Healthcare markets are complex and require a strategy that addresses the unique needs of different customers. To innovate effectively in these markets, companies must consider the needs of the beneficiaries, executors, and purchase decision makers. Creating solutions that target all three of these groups will ultimately lead to equity value creation.
In healthcare markets, defining the customer is crucial and should be done based on the beneficiaries and their unmet needs. Building an optimal innovation strategy then involves considering the customer, the job, and unmet needs. The goal is to create effective and growing healthcare solutions that are creating equity value by helping the beneficiaries.
The Apple Watch is a great example of how healthcare innovation can create equity value by targeting beneficiaries, executors, and decision makers. In this case, the beneficiary is the person who wears the watch, who benefits from having important health metrics measured and monitored on a daily basis. The executors, such as the doctors, benefit from receiving more accurate and timely information about the wearer's health, which helps them make better decisions about treatment. Finally, the decision makers, such as insurance companies, benefit from the lower cost of insurance resulting from early detection of health problems and improved patient outcomes.
The Apple Watch has many features that demonstrate how it addresses the unmet needs of these different customer segments. For example, it can measure and monitor important health metrics like heart rate, blood oxygen levels, and more. This information is constantly being collected and analyzed, and if any of the metrics fall outside of a normal range, the watch will alert the wearer to contact their doctor for a more in-depth examination.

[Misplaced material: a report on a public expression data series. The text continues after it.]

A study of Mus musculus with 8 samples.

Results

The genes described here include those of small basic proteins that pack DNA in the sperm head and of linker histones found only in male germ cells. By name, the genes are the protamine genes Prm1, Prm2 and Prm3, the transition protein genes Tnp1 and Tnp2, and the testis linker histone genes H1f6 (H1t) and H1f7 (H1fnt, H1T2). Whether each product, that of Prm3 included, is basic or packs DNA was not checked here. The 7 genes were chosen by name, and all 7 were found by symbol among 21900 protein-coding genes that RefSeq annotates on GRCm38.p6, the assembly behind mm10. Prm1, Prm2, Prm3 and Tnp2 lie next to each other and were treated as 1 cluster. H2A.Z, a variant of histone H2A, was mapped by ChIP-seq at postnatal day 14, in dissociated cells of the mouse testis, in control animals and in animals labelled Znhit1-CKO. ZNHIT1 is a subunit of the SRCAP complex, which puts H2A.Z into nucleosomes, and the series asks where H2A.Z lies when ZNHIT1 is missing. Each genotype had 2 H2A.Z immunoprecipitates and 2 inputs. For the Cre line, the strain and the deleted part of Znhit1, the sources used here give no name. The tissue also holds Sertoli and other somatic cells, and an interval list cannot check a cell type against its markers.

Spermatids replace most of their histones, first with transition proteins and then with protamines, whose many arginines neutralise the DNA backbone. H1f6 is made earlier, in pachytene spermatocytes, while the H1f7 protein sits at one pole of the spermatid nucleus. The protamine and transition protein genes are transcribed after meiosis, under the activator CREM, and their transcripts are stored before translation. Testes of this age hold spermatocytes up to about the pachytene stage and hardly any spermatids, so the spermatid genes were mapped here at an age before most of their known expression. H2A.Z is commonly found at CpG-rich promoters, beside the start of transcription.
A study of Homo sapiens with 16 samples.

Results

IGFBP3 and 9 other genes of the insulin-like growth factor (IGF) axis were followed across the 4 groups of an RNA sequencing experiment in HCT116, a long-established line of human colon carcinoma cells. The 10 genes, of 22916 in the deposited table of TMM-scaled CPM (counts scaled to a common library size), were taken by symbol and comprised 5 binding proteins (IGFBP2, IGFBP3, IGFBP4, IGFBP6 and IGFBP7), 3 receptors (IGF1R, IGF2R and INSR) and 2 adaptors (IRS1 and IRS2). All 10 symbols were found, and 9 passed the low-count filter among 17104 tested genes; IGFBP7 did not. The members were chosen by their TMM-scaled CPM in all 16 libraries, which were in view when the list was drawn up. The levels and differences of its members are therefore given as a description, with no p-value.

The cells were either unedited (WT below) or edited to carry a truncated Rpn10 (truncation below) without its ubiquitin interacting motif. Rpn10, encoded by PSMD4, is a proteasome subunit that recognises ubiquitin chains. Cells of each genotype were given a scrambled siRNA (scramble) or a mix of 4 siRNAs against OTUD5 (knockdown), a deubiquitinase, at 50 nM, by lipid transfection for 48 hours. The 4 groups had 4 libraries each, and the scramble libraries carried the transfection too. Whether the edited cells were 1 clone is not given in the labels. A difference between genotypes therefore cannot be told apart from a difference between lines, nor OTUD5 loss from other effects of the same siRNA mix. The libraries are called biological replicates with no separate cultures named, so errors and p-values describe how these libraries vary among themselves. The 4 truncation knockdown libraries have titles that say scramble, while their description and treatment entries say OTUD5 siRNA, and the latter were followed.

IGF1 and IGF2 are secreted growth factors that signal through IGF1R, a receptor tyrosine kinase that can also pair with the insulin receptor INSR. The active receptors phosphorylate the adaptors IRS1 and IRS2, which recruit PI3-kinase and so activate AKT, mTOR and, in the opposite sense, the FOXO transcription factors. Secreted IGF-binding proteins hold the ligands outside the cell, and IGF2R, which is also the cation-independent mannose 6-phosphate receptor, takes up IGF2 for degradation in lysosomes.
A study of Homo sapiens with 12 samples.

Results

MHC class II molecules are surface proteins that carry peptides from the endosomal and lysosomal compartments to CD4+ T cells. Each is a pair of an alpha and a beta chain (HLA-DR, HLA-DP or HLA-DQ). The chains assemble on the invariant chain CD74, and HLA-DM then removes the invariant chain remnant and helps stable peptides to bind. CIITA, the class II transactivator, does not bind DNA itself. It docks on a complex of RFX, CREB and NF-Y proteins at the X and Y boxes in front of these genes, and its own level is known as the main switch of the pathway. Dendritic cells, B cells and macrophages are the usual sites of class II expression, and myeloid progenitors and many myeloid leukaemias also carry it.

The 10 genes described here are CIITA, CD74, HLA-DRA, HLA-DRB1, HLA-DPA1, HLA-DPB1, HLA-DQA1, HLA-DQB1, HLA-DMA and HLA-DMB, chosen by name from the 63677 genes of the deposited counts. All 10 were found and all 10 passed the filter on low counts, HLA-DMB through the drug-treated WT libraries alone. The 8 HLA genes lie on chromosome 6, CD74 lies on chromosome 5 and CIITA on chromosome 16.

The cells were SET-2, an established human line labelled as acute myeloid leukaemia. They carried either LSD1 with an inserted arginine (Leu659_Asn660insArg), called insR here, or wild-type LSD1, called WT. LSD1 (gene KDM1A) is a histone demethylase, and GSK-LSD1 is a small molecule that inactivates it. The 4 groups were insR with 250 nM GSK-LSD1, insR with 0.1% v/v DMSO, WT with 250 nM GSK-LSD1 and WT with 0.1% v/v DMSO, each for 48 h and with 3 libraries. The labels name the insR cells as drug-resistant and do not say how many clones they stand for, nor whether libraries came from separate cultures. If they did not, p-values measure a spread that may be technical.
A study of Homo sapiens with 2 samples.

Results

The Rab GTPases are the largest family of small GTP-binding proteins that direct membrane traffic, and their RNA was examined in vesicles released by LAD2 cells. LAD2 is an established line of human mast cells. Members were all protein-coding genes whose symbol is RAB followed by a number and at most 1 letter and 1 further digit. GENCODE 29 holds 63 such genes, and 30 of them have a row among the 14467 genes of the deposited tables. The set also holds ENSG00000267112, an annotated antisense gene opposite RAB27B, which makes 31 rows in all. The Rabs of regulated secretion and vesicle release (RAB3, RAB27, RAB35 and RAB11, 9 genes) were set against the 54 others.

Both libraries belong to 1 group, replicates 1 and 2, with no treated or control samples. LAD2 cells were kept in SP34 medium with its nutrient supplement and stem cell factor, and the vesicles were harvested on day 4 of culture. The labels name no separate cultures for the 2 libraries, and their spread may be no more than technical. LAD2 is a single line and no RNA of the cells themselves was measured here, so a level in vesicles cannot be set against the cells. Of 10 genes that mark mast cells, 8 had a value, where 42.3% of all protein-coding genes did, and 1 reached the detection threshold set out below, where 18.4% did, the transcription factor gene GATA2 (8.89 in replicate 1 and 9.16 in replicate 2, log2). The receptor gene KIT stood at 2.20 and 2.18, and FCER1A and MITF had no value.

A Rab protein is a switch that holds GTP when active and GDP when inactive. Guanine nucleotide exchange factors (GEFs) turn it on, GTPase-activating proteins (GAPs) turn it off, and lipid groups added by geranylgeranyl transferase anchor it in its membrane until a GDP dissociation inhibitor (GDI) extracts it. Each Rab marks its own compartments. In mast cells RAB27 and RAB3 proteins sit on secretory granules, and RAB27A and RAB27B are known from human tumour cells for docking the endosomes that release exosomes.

This example shows how moving into different job steps can help create more and more value over time. The Apple Watch starts by addressing the basic need of measuring important health metrics, but as the technology improves and more data is collected, it will likely be able to address even more complex health problems in the future. This is how equity value is created in healthcare markets - by constantly looking for ways to address unmet needs and help the customer get the whole job done.
To identify the most underserved and unmet needs in the market, companies should focus on the jobs their customers are trying to perform and the struggles they face in doing so. By moving into different job steps, companies can take over more of the job and create more equity value over time.
Seventh Sense, a biotech company focused on obtaining blood samples in the context of clinical trials, offers another example on expanding job steps. The company’s goal is to create a solution that makes the process of taking a blood sample more accurate and less painful for patients, while also providing more data for the evaluation of drugs. By making the blood collection tube more intelligent and incorporating software that can analyze the information obtained from the blood sample, Seventh Sense can provide value to beyond the collection step, easing the larger hassles within clinical trials. Over time, the company can take over more of the job, which is likely to result in greater equity value creation.
Healthcare markets require a strategy that considers the beneficiaries, executors, and purchase decision makers. To create equity value, companies must identify the group of people struggling with a specific job and target them, and continuously innovate to improve the job domain. The goal is to create effective and growing healthcare solutions that benefit the job beneficiaries.